Born on April 13, 1743, Thomas Jefferson is best remembered as the author of the Declaration of Independence. But Jefferson's interests and talents covered an amazing range. He was also a two-term president, diplomat, architect, violinist, inventor and a founder of the Democratic Party.
Clay Jenkinson, "one of the nation's leading interpreters of the life and achievements of Thomas Jefferson," performs costumed first-person portrayals of Jefferson on stage and radio. You can listen to his weekly national radio show "The Thomas Jefferson Hour" (you'll need the free RealAudio player), or visit the bulletin board and chat room devoted to Jefferson and his ideals. The best way to navigate is via the site map you'll find near the upper right-hand corner. Teachers and homeschoolers will appreciate the lesson plans and project ideas found on the Especially for Young People page.
History.com's Thomas Jefferson exhibit is part of their American Presidents series, and my multimedia pick of the day. Highlights include an eight-part biography (from Early Life to Notable Staff), a timeline, an image gallery, and transcripts of his two inaugural speeches. My favorite clicks are found in Video Gallery and Quiz. "Who did not help draft the Declaration of Independence: George Washington, John Adams, Thomas Jefferson, or Benjamin Franklin?"
Jefferson's first use of the name "Monticello" for his Virginia plantation appears in his August 3, 1767 Garden Book entry: "inoculated common cherry buds into stocks of large kind at Monticello." In 1809, Jefferson retired from politics and returned to Monticello for a life of family, reading, writing, farming, entertaining, science and philanthropy. What was life like back then? Find out by joining Jefferson on a typical (but virtual) Monticello day (look in the Jefferson sub-menu). Be sure to also visit About Us/Special Projects, where you'll find "Getting Word," an online exhibit exploring the oral history of the Monticello slaves, and a variety of lesson plans.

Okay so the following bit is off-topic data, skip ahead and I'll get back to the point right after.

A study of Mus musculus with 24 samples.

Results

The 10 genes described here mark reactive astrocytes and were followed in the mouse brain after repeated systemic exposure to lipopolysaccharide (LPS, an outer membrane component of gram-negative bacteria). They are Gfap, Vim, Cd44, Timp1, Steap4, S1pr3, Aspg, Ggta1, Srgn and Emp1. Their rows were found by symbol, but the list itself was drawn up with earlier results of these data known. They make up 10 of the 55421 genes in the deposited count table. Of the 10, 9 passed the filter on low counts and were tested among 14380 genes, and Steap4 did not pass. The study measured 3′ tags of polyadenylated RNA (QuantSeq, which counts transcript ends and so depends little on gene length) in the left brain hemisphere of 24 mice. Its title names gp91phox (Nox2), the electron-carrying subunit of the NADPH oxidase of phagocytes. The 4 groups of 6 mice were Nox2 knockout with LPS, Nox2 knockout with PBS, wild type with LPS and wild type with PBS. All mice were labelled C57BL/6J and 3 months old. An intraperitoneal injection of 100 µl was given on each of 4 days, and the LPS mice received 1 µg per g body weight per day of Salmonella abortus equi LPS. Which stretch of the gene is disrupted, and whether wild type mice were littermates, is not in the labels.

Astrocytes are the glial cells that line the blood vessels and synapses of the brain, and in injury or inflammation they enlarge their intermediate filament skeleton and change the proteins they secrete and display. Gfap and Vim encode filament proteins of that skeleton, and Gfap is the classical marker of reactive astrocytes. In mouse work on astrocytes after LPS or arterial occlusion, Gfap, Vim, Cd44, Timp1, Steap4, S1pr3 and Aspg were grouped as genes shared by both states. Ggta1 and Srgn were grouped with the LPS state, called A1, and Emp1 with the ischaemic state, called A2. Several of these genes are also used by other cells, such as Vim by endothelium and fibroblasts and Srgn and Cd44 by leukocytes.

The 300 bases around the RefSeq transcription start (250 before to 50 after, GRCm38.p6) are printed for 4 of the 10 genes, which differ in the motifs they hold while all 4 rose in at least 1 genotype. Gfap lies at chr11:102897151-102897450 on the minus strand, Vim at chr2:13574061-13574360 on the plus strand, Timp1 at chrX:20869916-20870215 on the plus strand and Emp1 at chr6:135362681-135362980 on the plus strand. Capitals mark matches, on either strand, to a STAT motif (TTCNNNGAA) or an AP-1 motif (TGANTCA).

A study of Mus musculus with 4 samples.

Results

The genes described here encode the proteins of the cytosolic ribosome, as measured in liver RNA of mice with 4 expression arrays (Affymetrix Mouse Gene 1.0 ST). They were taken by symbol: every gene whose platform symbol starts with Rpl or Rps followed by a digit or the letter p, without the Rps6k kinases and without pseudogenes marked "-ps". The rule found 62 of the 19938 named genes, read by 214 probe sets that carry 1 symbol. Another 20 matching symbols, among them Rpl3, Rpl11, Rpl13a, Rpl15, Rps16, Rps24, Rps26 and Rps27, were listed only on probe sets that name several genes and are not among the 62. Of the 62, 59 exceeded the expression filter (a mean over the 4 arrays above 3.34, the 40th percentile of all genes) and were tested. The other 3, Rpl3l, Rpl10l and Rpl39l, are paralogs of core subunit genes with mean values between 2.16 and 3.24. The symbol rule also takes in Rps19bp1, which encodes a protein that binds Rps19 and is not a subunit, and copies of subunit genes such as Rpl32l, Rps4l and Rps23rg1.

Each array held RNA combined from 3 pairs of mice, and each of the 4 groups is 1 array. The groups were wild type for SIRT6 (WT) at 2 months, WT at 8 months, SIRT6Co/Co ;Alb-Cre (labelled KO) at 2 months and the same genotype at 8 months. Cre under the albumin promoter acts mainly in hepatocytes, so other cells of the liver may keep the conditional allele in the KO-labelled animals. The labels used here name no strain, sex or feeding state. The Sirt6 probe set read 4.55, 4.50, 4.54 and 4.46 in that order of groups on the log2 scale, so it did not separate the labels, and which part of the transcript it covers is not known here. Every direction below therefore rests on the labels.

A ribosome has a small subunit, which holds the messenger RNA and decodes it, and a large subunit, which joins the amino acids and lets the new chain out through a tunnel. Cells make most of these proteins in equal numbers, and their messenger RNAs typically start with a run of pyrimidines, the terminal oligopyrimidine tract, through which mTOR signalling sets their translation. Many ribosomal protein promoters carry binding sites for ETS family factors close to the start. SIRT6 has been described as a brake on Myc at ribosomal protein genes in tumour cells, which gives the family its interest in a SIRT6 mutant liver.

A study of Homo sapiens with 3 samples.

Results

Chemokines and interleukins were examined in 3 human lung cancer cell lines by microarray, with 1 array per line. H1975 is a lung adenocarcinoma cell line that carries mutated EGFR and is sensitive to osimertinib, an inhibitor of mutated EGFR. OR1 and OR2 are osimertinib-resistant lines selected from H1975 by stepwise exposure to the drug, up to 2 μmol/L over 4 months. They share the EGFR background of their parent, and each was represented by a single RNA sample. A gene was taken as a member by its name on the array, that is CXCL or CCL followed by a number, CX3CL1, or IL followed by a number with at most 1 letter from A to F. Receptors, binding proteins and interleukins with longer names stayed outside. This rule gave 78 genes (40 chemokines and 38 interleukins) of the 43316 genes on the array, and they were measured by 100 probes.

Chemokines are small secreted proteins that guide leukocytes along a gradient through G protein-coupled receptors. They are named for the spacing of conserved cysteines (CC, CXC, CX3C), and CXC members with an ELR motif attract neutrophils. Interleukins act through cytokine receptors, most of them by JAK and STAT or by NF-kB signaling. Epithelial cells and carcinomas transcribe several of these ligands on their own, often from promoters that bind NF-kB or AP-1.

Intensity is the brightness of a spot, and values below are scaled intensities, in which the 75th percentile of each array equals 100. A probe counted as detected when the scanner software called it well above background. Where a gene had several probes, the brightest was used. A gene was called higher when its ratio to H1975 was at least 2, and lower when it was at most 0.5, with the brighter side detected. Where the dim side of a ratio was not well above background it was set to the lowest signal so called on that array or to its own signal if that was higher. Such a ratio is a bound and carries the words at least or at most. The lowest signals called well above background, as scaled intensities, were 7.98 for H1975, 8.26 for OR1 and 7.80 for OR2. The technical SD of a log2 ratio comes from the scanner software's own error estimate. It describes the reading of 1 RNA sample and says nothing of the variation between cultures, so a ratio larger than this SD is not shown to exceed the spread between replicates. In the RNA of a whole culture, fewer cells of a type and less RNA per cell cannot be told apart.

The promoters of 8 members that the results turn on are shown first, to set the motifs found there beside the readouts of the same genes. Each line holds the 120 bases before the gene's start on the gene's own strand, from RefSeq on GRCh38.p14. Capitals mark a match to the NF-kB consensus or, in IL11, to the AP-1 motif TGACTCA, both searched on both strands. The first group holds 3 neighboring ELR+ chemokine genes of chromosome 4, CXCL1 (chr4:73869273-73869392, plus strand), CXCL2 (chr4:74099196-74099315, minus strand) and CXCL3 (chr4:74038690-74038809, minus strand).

"Our plan was that we were going to make Jefferson human, that this film was going to get past the icon and bring the man alive." This site documents the making of Ken Burns' 1996 PBS film "Thomas Jefferson." Included are discussions of the relevance of Jefferson's legacy, and a photo gallery exploring the meaning of the much-quoted phrase "the pursuit of happiness." What does "the pursuit of happiness" mean to you? View the photos of three award-winning photographers, as well as those of the student winners of the Pursuit of Happiness Photo Contest.
"I would rather be exposed to the inconveniences attending too much liberty than to those attending too small a degree of it." This collection contains over 2,100 quotations from Jefferson's writings. It is easily navigated from the Table of Contents, or by the search function located above the Table of Contents. Note that the spelling and punctuation of these quotations has been modernized. In Jefferson's time, commas were used much more liberally, a practice distracting to the modern reader.